With stunning wildlife, Africa’s second-largest protected area network, healthy river systems, and relatively low population density, Zambia stands out as a wild gem. At its heart is the Kafue ecosystem — 16 million acres of tropical woodlands, wetlands, and savannas. 

Communities inhabit the vast, protected buffer of Game Management Areas that encircle Kafue and Zambia’s 19 other national parks. However, with limited resource rights, they also have little stake in their protection. Consequently, poaching and degradation have become issues. 

With Africa’s population estimated to grow by 1 billion by 2050, communities will determine the fate of the continent’s wildlife and wild lands. Zambia’s wild heart will survive only if communities become not just beneficiaries, but drivers of conservation. We’ve seen this proven in Kenya and Namibia. Now, we’re seeding this approach in Kafue so that it can spread nationwide.  

At the same time, we’re strengthening park management and sharing planning tools to minimize impacts from mining and infrastructure development. And with demands on water resources increasing, we’re building a public-private partnership to protect the Kafue Basin as a critical source of water for nature, people, and industry. 


We’re helping protect this national treasure by increasing security for keystone species and improving ecotourism revenue potential for neighboring communities. We’ve also established a fire management program with Zambia’s Department of National Parks and Wildlife, the U.S. Forest Service, and experts from The Nature Conservancy’s Arkansas Chapter. And we were honored to be enlisted to lead the aerial surveys in Zambia for Paul G. Allen’s Great Elephant Census, which showed increasing numbers of elephants in Kafue National Park and will help determine how to best allocate limited resources within and beyond the park’s boundaries. 


We believe that it is possible for communities to benefit from the natural resources they live with and to protect those resources for the long-term. We’ve helped the Kaindu community secure management rights to more than 150,000 acres, including Zambia’s first community-run game ranch, and trained 700 households in conservation agriculture — increasing food security while reducing poaching and habitat conversion.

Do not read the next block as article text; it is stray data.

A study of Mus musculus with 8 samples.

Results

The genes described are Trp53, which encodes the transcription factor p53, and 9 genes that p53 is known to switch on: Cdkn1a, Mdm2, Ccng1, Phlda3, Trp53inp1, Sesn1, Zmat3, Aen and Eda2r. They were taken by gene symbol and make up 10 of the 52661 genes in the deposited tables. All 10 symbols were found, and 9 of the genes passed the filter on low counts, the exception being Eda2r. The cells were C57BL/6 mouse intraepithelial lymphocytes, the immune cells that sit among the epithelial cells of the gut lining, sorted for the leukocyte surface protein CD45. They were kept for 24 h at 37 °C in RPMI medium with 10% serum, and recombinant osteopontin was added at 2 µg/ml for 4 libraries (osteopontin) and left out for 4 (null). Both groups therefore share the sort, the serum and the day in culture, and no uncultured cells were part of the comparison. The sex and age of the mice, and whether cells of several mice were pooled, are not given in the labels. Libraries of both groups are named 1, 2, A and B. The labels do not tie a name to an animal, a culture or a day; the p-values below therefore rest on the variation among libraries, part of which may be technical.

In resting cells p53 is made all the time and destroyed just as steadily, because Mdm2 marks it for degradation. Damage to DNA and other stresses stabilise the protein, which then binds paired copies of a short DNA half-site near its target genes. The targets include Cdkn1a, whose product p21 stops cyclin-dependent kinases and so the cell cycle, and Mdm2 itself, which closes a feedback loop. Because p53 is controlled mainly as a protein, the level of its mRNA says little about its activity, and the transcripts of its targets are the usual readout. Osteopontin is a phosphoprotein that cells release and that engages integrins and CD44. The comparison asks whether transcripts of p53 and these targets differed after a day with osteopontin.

We’re working with the government of Zambia and key stakeholders to create a plan that balances growing demand for resource extraction, large-scale agriculture, energy, and infrastructure with efforts to conserve and protect essential resources, like drinking water and fisheries. Government officials have also committed to applying The Nature Conservancy’s “Development by Design” resource planning method to help maximize production and minimize impact.


Rivers, lakes, groundwater resources, and wetlands are all major sources of industrial and domestic water supply in Zambia. But they are all threatened by groundwater pollution, forest degradation, and high levels of water extraction. Innovative solutions supported by rigorous science, strong collaboration, and smart financing are required to secure the long-term sustainability of the water sources people and wildlife need to thrive. We’re focusing our water security efforts on the Lukanga Swamp, which serves as a natural filter and plays a critical role in regulating water flow. 

Our history of success and diverse partnerships give us great hope for the future. Together, we can overcome the challenges ahead to improve the quality of life for Zambia’s people, protect its wildlife, and conserve some of the most extraordinary lands and waters on Earth.